The Heart of Long-term Care

The authors start with the premise that long-term care is designed to assist people who lack the capacity to function fully independently. They argue that no disabled person of any age should be required to forsake his/her humanity in exchange for care. The book rejects the artificial dichotomy between social and medical care, asserting that both play important roles in psychological and physical well-being of long-term care patients. The authors consider the need for competent and compassionate medicine and discuss the methods for improving both its coordination of care and its effectiveness. The book redefines the meaning of safety and protection in long-term care, and how this goal can be accomplished without sacrificing quality of living.
As the new millennium and the aging of baby boomers approaches, more creative approaches to providing better long-term care are required. This volume outlines a useful framework for the provision of effective and humane community-based programs that are both feasible and affordable. It will be an invaluable guide for geriatricians, public health professionals, family physicians, nurses and others who care for elderly patients.
 


Nature and Purpose of LongTerm Care
3
Who Gives LongTerm Care?
14
Spectrum of Care
31
The HCBS Service Spectrum
49
Summary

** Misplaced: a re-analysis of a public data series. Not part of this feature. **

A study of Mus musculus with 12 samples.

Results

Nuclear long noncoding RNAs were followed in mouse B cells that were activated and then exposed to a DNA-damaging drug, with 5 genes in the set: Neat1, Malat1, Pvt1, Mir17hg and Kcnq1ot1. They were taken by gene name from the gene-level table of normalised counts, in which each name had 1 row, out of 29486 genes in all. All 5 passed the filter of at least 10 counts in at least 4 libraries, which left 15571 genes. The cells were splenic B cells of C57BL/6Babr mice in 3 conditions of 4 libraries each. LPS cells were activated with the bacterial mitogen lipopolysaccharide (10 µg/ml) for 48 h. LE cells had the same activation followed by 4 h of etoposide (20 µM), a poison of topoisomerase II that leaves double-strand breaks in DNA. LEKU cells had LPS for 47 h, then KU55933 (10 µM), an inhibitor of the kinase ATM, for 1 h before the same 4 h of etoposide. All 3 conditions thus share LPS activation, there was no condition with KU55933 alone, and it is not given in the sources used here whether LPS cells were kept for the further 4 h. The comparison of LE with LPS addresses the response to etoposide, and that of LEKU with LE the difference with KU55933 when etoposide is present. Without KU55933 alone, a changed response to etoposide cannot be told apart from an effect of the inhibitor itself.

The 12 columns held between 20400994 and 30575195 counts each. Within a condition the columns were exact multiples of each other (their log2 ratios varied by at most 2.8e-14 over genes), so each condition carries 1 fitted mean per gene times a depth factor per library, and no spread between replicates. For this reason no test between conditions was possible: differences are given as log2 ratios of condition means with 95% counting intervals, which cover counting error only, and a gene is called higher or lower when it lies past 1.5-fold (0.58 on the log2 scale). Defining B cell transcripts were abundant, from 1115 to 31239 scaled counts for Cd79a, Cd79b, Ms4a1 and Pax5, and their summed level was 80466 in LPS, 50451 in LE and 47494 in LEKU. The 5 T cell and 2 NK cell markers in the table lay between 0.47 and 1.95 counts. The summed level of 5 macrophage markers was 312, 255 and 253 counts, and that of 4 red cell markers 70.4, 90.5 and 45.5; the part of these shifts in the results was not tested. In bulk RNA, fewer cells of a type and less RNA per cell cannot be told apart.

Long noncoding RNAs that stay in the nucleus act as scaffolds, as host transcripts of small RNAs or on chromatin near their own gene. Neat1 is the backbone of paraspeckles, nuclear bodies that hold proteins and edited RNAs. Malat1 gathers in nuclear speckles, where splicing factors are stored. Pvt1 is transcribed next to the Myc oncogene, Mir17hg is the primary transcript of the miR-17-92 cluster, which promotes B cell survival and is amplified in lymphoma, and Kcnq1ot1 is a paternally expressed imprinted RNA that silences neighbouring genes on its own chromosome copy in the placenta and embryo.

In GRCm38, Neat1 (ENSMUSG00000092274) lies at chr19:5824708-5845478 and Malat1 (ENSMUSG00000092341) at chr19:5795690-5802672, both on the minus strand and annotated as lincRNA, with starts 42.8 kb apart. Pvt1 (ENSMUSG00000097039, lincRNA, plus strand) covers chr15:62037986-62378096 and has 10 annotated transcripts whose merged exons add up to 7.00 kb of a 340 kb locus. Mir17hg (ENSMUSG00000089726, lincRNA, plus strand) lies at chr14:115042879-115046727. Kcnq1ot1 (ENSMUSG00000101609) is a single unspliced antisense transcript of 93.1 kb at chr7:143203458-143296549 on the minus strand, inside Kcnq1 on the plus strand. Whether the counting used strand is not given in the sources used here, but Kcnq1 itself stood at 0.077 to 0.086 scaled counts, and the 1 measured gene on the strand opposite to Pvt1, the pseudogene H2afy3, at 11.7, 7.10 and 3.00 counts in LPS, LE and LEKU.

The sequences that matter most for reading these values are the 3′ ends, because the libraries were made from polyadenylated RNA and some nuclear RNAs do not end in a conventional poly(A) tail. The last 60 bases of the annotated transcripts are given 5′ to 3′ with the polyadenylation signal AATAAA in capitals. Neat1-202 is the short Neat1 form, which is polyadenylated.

59
Federal Policies Favoring Nursing Homes
77
Federal Matches
86
State Variation in HCBS Programs
94
Medical versus Social Approaches
190
Approaches to Quality Assurance
203
Summary
210
Fragmenting Forces in Medical Care
217
Interdisciplinary Teams
223
Concluding Comment
229
Managed Care and LongTerm Care
235
Forms of Managed Care
241

Varying Demand for StateSupported Services
104
Varying Organizational Structures III
111
Home Care and Personal Assistant Services
119
PAS versus Agency Services
127
Persuading Consumers to Use InHome Services
136
Case Management
143
Cash and Counseling
149
Combining Housing and Services
159
Adult Foster Homes
169
Assisted Living
176
Concluding Comment
184
Effects on Consumers
247
Managed LongTerm Care
254
Concluding Comment
262
Common Themes
268
Lessons for the United States
278
The Heart of the Matter
285
Preferences
291
Principles for Change
303
Index
323
Copyright


Rosalie A. Kane and Robert L. Kane are both at the University of Minnesota School of Public Health. Richard C. Ladd is President of Ladd and Associates.